WWE announced yet another round of releases in what is becoming a grim pattern from an era where stock price is king in Titan Towers.
Budget cuts were once again named as the culprit per a company-wide email from Head of Talent Relations John Laurinaitis. Andrew Zarian (h/t Wrestling Inc.) has since reported that COVID-19 vaccination status played a part in a few key releases. Keith Lee, Mia Yim, Karrion Kross, Scarlett Bordeaux, Eva Marie, Nia Jax, Franky Monet and Ember Moon headlined the latest round of roster cuts. In total, 18 WWE and NXT stars were released from their contract on Thursday. Most NXT performers are expected to officially become free agents as of December 4, 2021, while WWE performers’ 90-day non-compete clauses will expire on February 2, 2022.
News of the mass releases came shortly after WWE released its Q3 2021 earnings where the promotion reported $255.8 million of revenue in the quarter, up 15% from the same period in 2020. WWE’s adjusted OIBDA of $77.9 million was down 8% from the Q3 2020, while profits came in at $43.5 million, down 11% from Q3 2020.
Given the way Karrion Kross (with Scarlett in tow), Keith Lee, Nia Jax, Franky Monet, and Ember Moon thrived in NXT and other promotions, WWE cutting ties with talent that was inexplicably struggling prior to their release serves as a glaring indictment of the company’s own ability to create new stars. Since John Cena left full-time competition for greener pastures in Hollywood, WWE has struggled mightily to replace Cena—and, for that matter, an entire generation of the 2010s—with a crop of transcendent top stars.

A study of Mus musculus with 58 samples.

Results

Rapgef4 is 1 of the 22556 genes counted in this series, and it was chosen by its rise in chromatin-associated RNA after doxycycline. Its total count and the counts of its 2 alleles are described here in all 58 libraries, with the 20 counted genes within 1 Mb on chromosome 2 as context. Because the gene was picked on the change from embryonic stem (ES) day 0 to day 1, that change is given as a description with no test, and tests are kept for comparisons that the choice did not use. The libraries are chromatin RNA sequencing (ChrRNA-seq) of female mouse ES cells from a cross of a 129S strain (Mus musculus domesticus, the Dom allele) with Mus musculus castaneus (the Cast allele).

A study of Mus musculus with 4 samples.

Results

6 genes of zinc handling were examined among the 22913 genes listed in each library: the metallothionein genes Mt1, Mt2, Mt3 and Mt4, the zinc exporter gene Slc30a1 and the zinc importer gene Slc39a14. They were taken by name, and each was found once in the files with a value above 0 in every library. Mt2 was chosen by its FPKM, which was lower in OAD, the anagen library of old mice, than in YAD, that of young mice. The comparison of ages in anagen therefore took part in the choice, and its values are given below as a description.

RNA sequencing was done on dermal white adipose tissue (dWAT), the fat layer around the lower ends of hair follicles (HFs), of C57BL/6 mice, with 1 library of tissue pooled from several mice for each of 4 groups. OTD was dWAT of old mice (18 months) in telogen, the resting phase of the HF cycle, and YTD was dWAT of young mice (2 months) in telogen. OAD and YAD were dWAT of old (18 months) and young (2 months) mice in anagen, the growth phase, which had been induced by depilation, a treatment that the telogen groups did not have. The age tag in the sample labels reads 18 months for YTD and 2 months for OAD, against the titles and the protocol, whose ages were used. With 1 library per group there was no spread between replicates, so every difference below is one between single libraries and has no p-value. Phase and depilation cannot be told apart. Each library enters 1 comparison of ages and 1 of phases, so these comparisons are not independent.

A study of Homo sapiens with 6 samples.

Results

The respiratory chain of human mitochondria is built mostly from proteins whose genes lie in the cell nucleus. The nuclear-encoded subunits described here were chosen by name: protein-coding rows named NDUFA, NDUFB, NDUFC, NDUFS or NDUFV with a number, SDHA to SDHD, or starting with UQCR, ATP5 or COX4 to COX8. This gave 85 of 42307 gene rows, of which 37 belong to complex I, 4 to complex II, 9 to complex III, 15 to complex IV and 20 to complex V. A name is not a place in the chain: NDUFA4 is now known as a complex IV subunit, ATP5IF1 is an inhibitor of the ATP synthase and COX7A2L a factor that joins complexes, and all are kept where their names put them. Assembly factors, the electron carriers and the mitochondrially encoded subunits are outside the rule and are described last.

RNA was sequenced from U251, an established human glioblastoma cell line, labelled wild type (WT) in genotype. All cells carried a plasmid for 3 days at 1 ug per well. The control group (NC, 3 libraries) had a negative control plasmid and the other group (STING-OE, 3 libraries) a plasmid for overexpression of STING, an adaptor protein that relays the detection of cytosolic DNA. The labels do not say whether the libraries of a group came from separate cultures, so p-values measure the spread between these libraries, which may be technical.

WWE Releases | Full List
Keith Lee, Mia Yim, Karrion Kross, Scarlett Bourdeaux, Eva Marie, Nia Jax, Karrion Kross, Gran Metalik, Lince Dorado, Eva Marie, B-Fab, Harry Smith, Trey Baxter, Jessi Kamea, Jeet Rama, Zaya Ramier, Katrina Cortez and Franky Monet.
Just a few short months ago, Keith Lee became the first NXT star to simultaneously hold both the NXT and NXT North American Championships. Lee’s defining moment came when he defeated Adam Cole, who has since gone on to become an even bigger star in AEW. Despite seeming like a ready-made star in his own right, dating back to his breakout performance at Survivor Series, Lee only struggled once he was officially called up to the main roster. A myriad of micromanagement took him from Keith Lee—a promising up-and-comer—to the over-produced Bearcat Keith Lee.
NXT used the tried and true Goldberg formula to create a bona-fide star in Karrion Kross, but all that simple-but-effective booking was undone in the span of a few short minutes when the undefeated heel suffered a shocking loss to Jeff Hardy.
The fact that WWE is in a competitive war with the considerably smaller AEW is yet another symptom of its struggles in maximizing its own roster by fostering a generation of top stars through its vast resources in production, marketing and broadcasting. Given the high-profile names that now themselves without a job, these WWE releases suddenly feel like a reset. In addition to the business-related reasons for WWE’s aggressive cost-cutting, with some speculating that the company could be preparing for a possible sale, WWE’s years-long ratings decline and shortcomings in key performance indicators tell a story of a company in transition. Rome is burning, and WWE’s endless struggles are punctuated every time it makes an incision to an otherwise talented roster.
With every round of WWE releases comes countless stories of what could have been and wasted potential. Combined with the news of ROH going on a hiatus, pro wrestling’s free agent pool is now saturated with more talent than ever before with only a limited stable of promotions that can take them on.
As WWE continues to pare its roster down to size, it will simultaneously run out of excuses as to how it has gone from a mainstream property at its peak to flirting with record-low viewership on an annual basis. At some point, significant changes will be required beyond the makeup of WWE’s roster. By then, hopefully it won’t be too late.